The U.S. House of Representatives is set to vote for the first time on ending the federal prohibition of cannabis. Yahoo Finance's Jessica Smith joins Kristin Myers to discuss.

Video Transcript

- The House is set to vote on marijuana and ending its criminalization. Now this is the first time Congress would be voting on the measure. We have Yahoo Finances, Jessica Smith, here with more. Hey Jess.

- Hey Kristin, we are still waiting to hear exact timing. But at last check, it was planned to have a vote at some point this week, so in the next couple of days. This bill, called the MORE Act, would end the federal prohibition of marijuana and it would expunge some cannabis related convictions. Ending that federal prohibition would leave it up to states to set their own marijuana policies, and it would end that conflict that we currently see between state and federal law. The bill would also put a 5% tax on marijuana and marijuana products, to fund new programs like job re-entry, and education, substance abuse treatment, for people who have been, quote adversely affected by the war on drugs. If signed into law, the MORE Act would open up business opportunities for marijuana related businesses, including funding from the Small Business Administration. It would also require BLS to collect demographic data about cannabis business owners and employees, to make sure that people of color and economically disadvantaged people, are involved in the industry. I did speak with Congresswoman Barbara Lee of California about this, and why she says it is so important. Let's watch.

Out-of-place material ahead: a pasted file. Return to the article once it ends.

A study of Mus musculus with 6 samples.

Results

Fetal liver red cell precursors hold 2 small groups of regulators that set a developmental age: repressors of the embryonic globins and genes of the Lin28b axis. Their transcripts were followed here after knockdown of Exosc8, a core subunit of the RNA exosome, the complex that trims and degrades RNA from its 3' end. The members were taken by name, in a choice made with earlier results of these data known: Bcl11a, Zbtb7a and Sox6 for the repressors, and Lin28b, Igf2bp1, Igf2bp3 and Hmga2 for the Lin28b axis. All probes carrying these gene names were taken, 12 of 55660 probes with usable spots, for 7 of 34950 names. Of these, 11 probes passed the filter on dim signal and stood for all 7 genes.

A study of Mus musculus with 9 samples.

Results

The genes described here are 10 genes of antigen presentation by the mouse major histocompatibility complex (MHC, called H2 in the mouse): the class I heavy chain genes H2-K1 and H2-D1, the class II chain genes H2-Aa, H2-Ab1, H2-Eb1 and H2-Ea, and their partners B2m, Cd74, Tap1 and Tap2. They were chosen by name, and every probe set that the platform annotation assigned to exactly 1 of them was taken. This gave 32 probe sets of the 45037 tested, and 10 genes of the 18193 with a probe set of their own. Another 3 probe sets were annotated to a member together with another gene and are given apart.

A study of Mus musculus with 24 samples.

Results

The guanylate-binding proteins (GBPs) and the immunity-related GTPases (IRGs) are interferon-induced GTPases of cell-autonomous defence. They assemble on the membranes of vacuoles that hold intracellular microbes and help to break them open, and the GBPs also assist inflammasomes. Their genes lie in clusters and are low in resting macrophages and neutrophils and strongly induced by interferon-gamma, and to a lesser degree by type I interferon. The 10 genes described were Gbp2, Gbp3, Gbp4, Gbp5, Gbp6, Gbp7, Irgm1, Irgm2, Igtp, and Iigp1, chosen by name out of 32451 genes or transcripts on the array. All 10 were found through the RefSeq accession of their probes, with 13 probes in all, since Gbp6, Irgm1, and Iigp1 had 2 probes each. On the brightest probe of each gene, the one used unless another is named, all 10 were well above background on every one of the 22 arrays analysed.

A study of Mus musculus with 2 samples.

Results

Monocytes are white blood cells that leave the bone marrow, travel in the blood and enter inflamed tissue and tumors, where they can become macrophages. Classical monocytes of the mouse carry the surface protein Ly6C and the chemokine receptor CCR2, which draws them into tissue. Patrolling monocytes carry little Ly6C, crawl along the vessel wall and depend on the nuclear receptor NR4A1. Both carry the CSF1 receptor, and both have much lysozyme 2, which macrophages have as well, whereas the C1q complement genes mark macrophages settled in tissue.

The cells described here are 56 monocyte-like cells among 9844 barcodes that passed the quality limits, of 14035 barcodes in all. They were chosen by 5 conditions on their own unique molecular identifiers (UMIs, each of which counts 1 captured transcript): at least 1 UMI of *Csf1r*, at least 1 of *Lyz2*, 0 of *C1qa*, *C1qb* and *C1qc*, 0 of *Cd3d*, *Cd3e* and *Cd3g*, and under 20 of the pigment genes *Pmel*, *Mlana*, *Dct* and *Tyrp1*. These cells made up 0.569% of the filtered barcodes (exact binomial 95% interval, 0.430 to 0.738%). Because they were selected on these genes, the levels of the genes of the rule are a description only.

- This is a job creating industry and it also provides economic opportunities for minority owned business owners. In terms of the licensing and in terms of the distribution, the sale, the growing, whatever. And so we say one, it creates good paying jobs. But secondly, it creates economic growth and economic opportunities for those who want to go and be entrepreneurs.

- Now this bill will face an uphill battle if it makes it to the Senate. Especially if Republicans maintain control of the upper chamber. But advocates tell me either way, it still sends a strong message if it makes it through the House. Kristen.

- All right, Jessica Smith with that update. Thank you for keeping an eye on that.